Rollout of new NHS non-emergency line '111' is delayed


The launch of 111, the UK’s National Health Service’s (NHS) new non-emergency phone number, has been delayed by six months.

111 was due to go live in April 2013, and it has been designed as an alternative to the 999 emergency number, specifically for patients with non-life threatening symptoms.

However, the Department of Health (DoH) in the UK has confirmed the rollout has been postponed to October next year, to give areas more time to prepare for the service.

The move has been praised by the British Medical Association (BMA), who were concerned things were moving too quickly and could have had an impact on patient care.


“We have been pressing the Secretary of State to allow a delay for some time.

“The principle behind NHS 111 - making patient access to urgent NHS services easier - is a good one,” he affirmed.

“Unfortunately, the speed of the rollout was putting this at risk.

“Hopefully now there will be sufficient time to ensure local clinicians are properly involved so services can be designed that will be safe, reliable and genuinely benefit patients.”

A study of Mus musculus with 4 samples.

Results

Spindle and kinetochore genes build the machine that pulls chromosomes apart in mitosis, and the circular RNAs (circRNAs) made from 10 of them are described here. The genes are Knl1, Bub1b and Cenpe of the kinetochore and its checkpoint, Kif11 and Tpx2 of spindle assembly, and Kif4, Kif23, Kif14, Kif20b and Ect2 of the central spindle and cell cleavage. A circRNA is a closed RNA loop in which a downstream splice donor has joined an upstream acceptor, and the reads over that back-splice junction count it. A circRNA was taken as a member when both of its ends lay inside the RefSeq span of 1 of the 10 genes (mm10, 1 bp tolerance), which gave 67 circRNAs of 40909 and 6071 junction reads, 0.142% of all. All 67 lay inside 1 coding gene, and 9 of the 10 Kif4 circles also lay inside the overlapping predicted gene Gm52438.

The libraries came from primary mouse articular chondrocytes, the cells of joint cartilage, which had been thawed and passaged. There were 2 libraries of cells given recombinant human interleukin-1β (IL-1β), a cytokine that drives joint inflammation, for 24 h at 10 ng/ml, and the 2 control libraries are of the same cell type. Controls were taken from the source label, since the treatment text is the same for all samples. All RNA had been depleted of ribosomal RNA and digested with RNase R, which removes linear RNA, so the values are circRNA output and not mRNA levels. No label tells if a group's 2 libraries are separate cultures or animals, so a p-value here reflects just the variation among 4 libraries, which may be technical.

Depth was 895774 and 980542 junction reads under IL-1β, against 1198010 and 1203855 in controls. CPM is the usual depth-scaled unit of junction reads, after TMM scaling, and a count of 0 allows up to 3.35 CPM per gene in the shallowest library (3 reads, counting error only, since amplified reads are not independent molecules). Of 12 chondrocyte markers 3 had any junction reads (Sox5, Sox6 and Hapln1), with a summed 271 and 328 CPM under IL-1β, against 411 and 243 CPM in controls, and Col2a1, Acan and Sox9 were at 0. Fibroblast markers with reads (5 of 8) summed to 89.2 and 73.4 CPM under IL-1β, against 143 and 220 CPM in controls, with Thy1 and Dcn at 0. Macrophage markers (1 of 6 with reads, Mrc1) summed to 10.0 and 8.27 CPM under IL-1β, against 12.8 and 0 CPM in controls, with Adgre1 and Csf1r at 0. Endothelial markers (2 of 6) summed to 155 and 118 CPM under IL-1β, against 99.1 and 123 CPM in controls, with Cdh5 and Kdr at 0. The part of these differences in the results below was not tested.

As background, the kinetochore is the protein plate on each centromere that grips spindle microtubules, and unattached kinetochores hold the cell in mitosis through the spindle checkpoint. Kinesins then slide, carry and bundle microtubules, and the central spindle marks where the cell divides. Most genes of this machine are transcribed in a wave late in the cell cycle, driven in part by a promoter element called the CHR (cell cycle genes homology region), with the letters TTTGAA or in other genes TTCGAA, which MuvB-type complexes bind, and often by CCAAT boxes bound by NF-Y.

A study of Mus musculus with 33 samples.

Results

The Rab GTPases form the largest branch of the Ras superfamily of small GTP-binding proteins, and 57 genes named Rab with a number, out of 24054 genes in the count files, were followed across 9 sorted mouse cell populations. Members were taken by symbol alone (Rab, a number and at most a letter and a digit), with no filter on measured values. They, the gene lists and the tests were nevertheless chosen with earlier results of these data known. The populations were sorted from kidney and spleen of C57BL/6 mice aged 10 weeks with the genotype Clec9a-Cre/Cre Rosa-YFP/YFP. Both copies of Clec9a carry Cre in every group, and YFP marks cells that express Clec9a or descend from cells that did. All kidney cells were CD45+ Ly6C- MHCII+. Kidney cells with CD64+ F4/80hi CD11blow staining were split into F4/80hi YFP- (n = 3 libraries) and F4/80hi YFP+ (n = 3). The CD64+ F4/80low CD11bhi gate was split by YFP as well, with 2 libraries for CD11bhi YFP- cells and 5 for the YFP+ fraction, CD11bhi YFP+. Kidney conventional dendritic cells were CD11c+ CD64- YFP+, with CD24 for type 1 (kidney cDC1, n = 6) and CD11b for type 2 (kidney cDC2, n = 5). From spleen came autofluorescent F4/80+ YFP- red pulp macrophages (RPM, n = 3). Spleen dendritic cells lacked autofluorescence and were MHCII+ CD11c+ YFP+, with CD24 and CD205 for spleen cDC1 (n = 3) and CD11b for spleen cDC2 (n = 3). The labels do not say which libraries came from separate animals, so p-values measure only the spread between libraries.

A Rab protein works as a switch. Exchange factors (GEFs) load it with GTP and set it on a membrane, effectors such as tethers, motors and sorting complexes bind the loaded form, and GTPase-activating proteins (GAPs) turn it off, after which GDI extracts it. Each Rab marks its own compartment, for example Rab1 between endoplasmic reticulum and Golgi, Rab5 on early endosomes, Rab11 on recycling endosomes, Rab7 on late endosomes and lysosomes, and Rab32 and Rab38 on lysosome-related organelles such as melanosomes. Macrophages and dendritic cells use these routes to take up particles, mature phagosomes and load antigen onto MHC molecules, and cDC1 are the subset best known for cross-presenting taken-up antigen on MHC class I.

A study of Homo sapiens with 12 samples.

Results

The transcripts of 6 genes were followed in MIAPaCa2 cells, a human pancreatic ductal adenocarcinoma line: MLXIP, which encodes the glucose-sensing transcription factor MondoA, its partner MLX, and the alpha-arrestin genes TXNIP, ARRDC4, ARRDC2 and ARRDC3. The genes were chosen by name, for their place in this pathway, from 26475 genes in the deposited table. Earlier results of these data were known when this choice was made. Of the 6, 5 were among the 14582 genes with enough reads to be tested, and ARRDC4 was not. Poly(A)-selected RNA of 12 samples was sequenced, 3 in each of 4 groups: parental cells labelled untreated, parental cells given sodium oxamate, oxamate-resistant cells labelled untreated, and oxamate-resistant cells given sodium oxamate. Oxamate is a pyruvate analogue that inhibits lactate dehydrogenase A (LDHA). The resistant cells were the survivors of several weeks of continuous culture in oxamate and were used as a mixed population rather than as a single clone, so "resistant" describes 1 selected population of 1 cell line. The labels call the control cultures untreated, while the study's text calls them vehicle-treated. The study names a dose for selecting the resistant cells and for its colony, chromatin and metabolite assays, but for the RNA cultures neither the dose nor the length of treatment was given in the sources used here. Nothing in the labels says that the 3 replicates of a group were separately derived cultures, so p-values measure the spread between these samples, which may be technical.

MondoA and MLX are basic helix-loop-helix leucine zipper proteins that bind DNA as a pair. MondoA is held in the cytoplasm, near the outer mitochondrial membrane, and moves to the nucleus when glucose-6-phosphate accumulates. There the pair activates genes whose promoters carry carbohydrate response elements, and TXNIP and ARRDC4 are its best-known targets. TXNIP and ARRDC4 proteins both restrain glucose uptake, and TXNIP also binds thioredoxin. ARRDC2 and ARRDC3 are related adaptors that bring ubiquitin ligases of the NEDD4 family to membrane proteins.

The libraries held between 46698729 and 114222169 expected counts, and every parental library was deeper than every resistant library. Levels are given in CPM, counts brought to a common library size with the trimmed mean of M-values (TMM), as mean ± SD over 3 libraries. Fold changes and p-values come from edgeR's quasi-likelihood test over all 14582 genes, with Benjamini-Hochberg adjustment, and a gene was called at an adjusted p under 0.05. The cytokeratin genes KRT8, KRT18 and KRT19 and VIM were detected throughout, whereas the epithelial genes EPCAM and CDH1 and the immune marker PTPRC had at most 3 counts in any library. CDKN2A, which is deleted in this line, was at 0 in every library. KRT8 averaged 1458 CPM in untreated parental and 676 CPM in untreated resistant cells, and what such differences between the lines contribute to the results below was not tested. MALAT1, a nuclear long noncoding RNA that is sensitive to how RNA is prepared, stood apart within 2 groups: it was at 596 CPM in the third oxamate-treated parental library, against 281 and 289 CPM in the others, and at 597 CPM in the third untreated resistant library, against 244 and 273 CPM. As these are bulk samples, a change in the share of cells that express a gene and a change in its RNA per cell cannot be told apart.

However, the areas that have already introduced the service will be able to continue operating it.

If a patient calls the 111 number, the operator will be able to one of three of four things; call an ambulance, transfer the caller to a nurse, put them through to a pharmacist or dentist or book them an out-of-hours doctor’s appointment.

The operators of the 111 line will be trained just as the 999 operators are in the UK, and the service will eventually replace the NHS Direct helpline facility.

Commenting on the decision to delay the launch, Health Minister, Simon Burns said: “NHS 111 is being introduced to make it easier for people to get the health care advice they need or to get to the right health care service, first time.

“It is essential that local groups of GPs are engaged in the implementation of this new service to ensure that NHS 111 fits within a comprehensive local 24/7 urgent health system, that meets patient needs.

"After listening to local CCGs (Clinical Commissioning Groups) and other stakeholders we have agreed to offer, for those areas that need it, an extension of up to six months to the completion date for the national rollout of NHS 111.”